It’s 10:05pm and, in theory, it’s five minutes past lights out time on the Year 8 residential to Wales and the hum of whispering is through the building as they think we can’t hear them!
We’ve spent three days climbing mountains, mountain biking, canoeing down rivers, orienteering and navigating our way from a drop off point back to the centre. All in the name of developing teamwork and leadership skills. This week has not involved any official subject learning. Personal development was the aim. But then a geography teacher came along…
Over the week students map skills have come alive as they’ve plotted and followed their routes. We’ve had some breakthroughs with understanding contour lines as they’ve suddenly gained a purpose in determine which way to go to make it to the top of the mountain. Using a map as it’s meant to be used is much more powerful than finding where you live and your route to school on an OS map in a classroom.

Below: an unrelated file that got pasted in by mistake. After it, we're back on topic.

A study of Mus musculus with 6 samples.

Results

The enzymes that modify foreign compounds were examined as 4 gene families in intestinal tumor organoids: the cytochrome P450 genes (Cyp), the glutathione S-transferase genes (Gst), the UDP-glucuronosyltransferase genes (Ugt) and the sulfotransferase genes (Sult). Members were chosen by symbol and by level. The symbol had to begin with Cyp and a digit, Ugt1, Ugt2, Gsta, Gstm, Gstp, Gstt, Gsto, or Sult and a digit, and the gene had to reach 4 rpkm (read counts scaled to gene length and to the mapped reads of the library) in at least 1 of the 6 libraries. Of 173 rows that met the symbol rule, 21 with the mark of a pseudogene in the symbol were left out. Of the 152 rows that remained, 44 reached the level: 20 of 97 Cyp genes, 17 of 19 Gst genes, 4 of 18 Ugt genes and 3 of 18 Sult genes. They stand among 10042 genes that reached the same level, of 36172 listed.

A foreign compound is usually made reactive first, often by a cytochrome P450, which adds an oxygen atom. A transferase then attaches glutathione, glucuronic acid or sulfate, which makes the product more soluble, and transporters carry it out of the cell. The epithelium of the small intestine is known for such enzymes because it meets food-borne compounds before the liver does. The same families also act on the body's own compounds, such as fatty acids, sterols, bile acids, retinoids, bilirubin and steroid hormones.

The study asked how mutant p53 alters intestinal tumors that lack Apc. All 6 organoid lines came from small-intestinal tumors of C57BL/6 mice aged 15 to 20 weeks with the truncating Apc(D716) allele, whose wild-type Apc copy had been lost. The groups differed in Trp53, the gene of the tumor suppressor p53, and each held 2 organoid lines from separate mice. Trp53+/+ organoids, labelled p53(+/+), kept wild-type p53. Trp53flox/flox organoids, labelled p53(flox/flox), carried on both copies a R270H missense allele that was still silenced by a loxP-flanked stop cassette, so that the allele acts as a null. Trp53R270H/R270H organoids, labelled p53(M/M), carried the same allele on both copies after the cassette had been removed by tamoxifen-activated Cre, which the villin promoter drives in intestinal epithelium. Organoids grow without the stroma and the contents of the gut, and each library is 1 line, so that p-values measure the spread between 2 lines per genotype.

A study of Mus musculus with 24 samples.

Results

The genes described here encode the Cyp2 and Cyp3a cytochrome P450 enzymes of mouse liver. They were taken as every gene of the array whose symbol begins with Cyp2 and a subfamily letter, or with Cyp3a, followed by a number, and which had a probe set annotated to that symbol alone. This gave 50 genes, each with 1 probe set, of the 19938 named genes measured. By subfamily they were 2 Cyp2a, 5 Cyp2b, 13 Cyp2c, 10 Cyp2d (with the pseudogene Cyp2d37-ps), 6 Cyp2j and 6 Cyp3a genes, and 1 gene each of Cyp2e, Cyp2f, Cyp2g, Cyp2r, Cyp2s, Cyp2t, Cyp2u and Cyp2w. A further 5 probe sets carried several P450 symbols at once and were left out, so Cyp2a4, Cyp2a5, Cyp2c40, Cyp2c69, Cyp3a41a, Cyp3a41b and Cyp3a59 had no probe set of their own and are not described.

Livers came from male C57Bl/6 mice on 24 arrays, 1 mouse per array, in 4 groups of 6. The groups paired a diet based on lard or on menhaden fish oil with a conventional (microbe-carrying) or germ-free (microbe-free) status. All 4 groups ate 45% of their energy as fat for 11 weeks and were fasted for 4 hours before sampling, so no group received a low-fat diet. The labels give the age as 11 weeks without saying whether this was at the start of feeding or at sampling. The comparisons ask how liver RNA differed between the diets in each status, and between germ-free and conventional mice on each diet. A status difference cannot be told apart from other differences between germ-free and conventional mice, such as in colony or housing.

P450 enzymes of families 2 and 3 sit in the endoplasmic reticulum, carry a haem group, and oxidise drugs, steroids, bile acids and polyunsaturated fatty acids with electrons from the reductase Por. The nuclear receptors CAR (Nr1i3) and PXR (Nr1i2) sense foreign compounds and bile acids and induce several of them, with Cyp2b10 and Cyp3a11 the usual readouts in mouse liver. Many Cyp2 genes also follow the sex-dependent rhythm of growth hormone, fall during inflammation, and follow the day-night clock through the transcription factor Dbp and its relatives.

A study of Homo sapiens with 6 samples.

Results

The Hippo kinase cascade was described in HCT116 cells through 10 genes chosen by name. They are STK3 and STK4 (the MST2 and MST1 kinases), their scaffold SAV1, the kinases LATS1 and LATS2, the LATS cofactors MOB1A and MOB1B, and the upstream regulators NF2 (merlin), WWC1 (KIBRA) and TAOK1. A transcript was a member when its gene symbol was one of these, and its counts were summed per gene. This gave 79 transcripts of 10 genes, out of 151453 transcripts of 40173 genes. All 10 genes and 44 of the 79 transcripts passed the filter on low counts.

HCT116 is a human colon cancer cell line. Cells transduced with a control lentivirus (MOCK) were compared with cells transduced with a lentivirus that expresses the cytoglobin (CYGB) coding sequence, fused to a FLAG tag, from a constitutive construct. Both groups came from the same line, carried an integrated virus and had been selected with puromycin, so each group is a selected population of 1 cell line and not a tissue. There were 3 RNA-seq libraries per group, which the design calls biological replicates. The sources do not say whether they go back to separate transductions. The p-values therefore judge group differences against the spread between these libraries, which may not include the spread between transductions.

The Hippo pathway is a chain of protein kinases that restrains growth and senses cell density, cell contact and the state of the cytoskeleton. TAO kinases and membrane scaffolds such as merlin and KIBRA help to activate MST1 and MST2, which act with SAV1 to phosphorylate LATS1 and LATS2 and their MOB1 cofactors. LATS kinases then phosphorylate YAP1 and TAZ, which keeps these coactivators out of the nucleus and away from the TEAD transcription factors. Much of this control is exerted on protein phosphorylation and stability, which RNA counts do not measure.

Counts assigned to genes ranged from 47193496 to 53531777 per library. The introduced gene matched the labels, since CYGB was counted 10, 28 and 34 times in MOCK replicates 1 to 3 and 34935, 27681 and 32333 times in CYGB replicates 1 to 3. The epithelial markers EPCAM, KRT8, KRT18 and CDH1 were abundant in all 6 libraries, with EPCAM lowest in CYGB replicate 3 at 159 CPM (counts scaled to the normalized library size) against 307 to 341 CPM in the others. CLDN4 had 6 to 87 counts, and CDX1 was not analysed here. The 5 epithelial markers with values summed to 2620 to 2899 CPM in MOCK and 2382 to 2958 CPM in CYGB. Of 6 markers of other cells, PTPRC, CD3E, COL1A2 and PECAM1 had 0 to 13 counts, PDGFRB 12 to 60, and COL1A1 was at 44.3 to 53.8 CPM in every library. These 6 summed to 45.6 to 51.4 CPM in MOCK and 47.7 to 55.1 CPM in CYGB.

Climbing a mountain in Snowdonia means walking over fault lines and striations. Glaciated landscapes are all around. From rock pavements and their weathered cracks to streams with river cliffs and slip off slopes to different types of vegetation, the inevitable ‘what’s that Miss?’ questions are almost constant. And each one is an opportunity to teach some geography! Explaining in the field about the actual thing you are looking at or walking through is much more powerful than any video clip, google earth image or photograph will ever be.
So the Year 8s have developed their teamwork and leadership skills but also learnt real geography along the way. Getting students out of the classroom is always going to be tough with cost, curriculum time and cover pressures but, given geography is everywhere, any outing can be turned into a geographical learning experience if you’re just always ready to answer the inevitable ‘what’s that?’ questions with a geographical answer. Just remember to make sure the students know your talking geography and aren’t just full of useless trivia!